Bill Payne and Jeff Rose on Tuesday gave the City Council an update on what Public Works has done to fix SSOs (Sanitary Sewage Overflow) and what is planned. They mostly spoke about projects that will happen within District 9.
“We wanted to address those areas today,” said Mr. Payne, the public works administrator. “There are a lot of pieces that happen within the consent decree, and the problems causing them are needing to create capacity within existing lines.”
Jeff Rose, director of city Wastewater, told the council that fixing SSOs often involves far more than just addressing the site that is overflowing. Because everything is “hydraulically connected,” several areas must be addressed to fix the problem.
Mr. Rose said that within District 9, there are about $154 million in projects going toward addressing chronic overflows. According to Mr. Rose and Mr. Payne, a SSO qualifies as chronic if it overflows at least five times a year. On each project, Mr. Rose went through slides showing the location, price, and time-frame of each project.
“The red lines are limited weather capacities,” Mr. Rose said about the Talley Road and Wilcox SSOs. “These lines were full a lot and a lot of water was running in, so we did some initial projects for $53 million which did some work inside some of the smaller lines.”
“Two projects are in design where we will be storing 40 million gallons of waste, and construction will begin in 2022 and be completed in 2024. When we complete those projects, now capacity is restored to the Wilcox and Talley SSOs, and that will no longer be a chronic SSO. In order to fix that one SSO, we have to do all of these other projects.”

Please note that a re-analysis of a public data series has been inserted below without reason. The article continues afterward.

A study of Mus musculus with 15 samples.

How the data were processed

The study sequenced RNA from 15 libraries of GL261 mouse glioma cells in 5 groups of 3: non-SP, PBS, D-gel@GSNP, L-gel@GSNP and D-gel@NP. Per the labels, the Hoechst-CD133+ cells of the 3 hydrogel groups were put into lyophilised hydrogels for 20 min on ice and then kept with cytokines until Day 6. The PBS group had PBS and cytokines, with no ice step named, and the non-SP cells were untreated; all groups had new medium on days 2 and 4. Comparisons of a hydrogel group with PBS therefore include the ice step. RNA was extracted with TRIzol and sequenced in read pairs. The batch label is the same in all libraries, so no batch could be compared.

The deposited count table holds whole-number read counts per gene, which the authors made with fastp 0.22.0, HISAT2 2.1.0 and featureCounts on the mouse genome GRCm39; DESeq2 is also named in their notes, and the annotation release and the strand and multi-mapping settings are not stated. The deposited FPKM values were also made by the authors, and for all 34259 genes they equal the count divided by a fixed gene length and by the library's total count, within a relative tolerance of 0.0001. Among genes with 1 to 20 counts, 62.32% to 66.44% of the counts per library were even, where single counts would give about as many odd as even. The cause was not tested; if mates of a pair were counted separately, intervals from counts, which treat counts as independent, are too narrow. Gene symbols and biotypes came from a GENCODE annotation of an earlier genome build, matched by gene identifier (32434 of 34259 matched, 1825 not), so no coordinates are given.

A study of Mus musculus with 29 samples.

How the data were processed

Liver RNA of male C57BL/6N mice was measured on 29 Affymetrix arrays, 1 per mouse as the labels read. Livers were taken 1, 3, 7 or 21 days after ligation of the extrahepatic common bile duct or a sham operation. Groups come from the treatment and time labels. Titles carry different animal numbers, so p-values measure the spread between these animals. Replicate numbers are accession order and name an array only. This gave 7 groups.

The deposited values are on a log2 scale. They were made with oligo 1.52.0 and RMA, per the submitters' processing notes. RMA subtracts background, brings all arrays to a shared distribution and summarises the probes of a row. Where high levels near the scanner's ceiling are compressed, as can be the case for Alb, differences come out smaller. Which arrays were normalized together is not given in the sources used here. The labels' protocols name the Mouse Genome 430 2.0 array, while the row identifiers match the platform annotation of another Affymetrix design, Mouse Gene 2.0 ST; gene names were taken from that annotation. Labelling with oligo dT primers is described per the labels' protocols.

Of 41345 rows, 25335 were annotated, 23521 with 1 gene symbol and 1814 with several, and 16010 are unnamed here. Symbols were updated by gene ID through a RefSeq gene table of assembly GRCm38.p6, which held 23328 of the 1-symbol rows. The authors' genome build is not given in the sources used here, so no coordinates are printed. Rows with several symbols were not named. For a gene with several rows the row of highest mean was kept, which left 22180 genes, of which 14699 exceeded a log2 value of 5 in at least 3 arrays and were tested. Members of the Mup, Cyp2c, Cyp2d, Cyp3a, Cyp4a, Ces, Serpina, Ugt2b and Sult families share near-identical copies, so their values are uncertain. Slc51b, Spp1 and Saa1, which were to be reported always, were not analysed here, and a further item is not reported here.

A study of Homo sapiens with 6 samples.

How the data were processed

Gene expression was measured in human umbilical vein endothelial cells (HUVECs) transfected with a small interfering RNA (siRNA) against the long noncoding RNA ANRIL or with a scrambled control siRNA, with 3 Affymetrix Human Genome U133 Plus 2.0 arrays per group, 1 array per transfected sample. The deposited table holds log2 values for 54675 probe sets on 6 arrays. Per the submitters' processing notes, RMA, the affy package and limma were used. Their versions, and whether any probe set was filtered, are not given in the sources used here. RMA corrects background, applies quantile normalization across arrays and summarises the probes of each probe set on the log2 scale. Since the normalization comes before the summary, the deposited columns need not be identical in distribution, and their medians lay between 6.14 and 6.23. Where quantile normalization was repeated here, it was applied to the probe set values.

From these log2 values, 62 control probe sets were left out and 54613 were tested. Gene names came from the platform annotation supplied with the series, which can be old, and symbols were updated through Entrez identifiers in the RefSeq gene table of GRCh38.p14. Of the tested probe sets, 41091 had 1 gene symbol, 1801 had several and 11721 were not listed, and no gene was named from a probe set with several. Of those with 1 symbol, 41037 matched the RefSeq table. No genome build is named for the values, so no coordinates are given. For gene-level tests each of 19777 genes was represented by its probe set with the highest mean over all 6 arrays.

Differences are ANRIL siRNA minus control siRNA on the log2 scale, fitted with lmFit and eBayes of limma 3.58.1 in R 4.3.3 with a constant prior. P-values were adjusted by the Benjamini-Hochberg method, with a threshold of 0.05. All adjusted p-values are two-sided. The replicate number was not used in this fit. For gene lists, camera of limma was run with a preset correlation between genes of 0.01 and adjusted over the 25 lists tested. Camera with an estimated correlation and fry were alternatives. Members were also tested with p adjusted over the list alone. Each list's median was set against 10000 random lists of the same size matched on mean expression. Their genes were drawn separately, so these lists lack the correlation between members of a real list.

Mr. Payne told the Council that this is phase 2 of the Consent Decree work. While these projects are important, other projects were deemed to be more pressing by either the EPA or the Department of Justice’s consent decree in phase 1.
“This one overflow was no longer chronic, but what we realized is that we still have overflows that are chronic,” Mr. Rose said about the South Kelley St. SSO. “We decided to do two projects worth $16 million that will be completed in Fall 2021. When we complete these projects, we think South Kelley St. will no longer be a SSO.”
After the presentation, Jerry Mitchell said at some point in the future, he would like to discuss giving churches breaks when it come to stormwater fees.
Some churches are asking if they going to have to bear this load, or can they get some kind of break,” Mitchell said. “This has been spoken about before and spoken about since the beginning of having stormwater fees.”